Autonomous Home Living

Instructor: Marcelo Spina, Casey Rehm
Assistant tutor: Laure Michelon
Partner: Evelyn Junco

Site: El Segundo, CA

Rapid advances in artificial intelligence are reshaping our way of living, working and socializing. We rely on the role of automation to quickly generate and explore alternatives of our present reality.
Automated vehicles technology has raised issues of relationship between human, streets and living spaces. Moreover, on a rapid increase of traffic congestion and a new generation changing home ownership habits; the project proposes housing for a community that strives for a balance between temporary enclosed spaces and ridesharing.


Automotive industries are exploring the idea of a vehicle that can be attached and detached from a living space. The autonomous home living could radically reduce carbon footprints and living expenses by combining transportation and housing needs in one space.
New types of communities will emerge reshaping our streets and public spaces. A car receives an order that will be cooking on the road; or automatically selects items to deliver.
Our speculation extends to the idea that the building envelope is not only designed for humans but also for machine vision.


The urban design of our site, located at El Segundo, was a process of generative deep learning. Using cyclegan, an image-to-image translation technique, we processed existing urban plans as our input, and in return, the machine generated a new urban fabric for the entire site.  Our design concentrates and takes a closer look at these two masses as a proof of concept for a large masterplan.

Building Assembly

The building assembly was thought to define public vs private spaces, where a route serving autonomous cars will tie the masses to the site. The car route carves into the masses to create pockets of shared communal areas. Its massive composition of modular elements and imposing geometric lines became the influential element on the design of the project.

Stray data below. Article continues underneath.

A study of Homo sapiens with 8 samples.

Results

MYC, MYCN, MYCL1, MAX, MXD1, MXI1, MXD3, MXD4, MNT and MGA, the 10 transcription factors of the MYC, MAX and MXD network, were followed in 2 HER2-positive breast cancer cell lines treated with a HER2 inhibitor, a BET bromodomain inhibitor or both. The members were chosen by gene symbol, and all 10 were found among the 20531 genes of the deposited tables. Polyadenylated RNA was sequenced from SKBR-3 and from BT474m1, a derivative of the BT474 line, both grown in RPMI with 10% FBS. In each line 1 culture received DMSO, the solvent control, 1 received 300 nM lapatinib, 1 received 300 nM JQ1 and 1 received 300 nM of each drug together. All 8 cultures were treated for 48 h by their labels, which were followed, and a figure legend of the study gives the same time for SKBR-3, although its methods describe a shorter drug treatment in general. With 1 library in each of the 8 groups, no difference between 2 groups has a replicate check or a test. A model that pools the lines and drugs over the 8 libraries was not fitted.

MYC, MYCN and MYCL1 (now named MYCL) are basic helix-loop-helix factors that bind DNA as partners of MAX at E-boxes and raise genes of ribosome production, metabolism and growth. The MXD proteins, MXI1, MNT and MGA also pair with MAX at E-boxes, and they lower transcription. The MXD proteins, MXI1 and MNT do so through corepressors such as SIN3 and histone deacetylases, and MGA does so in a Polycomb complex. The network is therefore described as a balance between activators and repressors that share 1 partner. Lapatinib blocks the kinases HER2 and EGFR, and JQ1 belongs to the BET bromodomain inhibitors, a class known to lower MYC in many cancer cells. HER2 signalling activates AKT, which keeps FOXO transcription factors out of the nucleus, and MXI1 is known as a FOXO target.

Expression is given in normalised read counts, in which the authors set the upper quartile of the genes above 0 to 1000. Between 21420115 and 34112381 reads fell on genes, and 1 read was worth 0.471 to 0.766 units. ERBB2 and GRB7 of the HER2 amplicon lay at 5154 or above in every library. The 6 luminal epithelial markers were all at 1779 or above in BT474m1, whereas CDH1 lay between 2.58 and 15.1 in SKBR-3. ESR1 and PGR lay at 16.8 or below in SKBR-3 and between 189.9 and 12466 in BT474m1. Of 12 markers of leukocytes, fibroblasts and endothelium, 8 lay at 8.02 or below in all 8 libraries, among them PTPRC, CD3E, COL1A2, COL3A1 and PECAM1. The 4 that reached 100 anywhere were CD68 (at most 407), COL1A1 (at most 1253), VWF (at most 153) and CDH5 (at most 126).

Starting from the idea of repetitive housing modules, the aggregation of 4x4 modules creates interior spaces, terraces and shared spaces. The same source produces different outcomes and that will ultimately be fused back into one and through the design of the building.


The facade is a dynamic three dimensional ever changing texture built using the method of degenerative design. Several trained images by cycleGAN are projected into a repetitive movable pattern. The abstract patterns and shifting pieces of the structure explore the transformation of visible and invisible elements.

By doing so, it allows different patterns to be visible to the autonomous car but invisible to the human eye. Then, the user is able to choose within available units. The vehicle can stay parked as part of the housing unit or drop the users off.

Taking a closer look at this movable pattern. The car attaches to the unit, the interior door closes and the car is locked to the facade pattern. Most important, this pattern allows the vehicle to charge while it is parked. The self-driving vehicles can adapt to diverse functions making the residential units purposely flexible. They can function as an office space or start-up business since it is the movable part of the house.

Object Detection

Looking at the facade from the car's perspective, this is able to detect which units are available. Object detection often requires vast datasets and long training times. To make this project possible, we applied two simplifications: we trained and labeled the renders of our own geometry  and we predicted a fixed number of objects in each image.


Most modern models require many GPU for training with a large batch size, which makes training really slow. Yolo is an object detector model which can be trained on a single GPU with a smaller batch of images.

Since our machines were learning our own facade design and patterns, which were digitally produced and not real objects, we needed to label the position of each pattern and input several renders of the same pattern at a different angles and different backgrounds.

This project explores one of the many possibilities of the integration of autonomous cars and the impact it has on the urban form. It looks at this impact among different scales, from car unit to urban massing. The facade has given a new legacy of architecture form as interface. Stable architecture typologies are replaced by something more fluid, where the building is no longer meant for human perception but also for machine vision.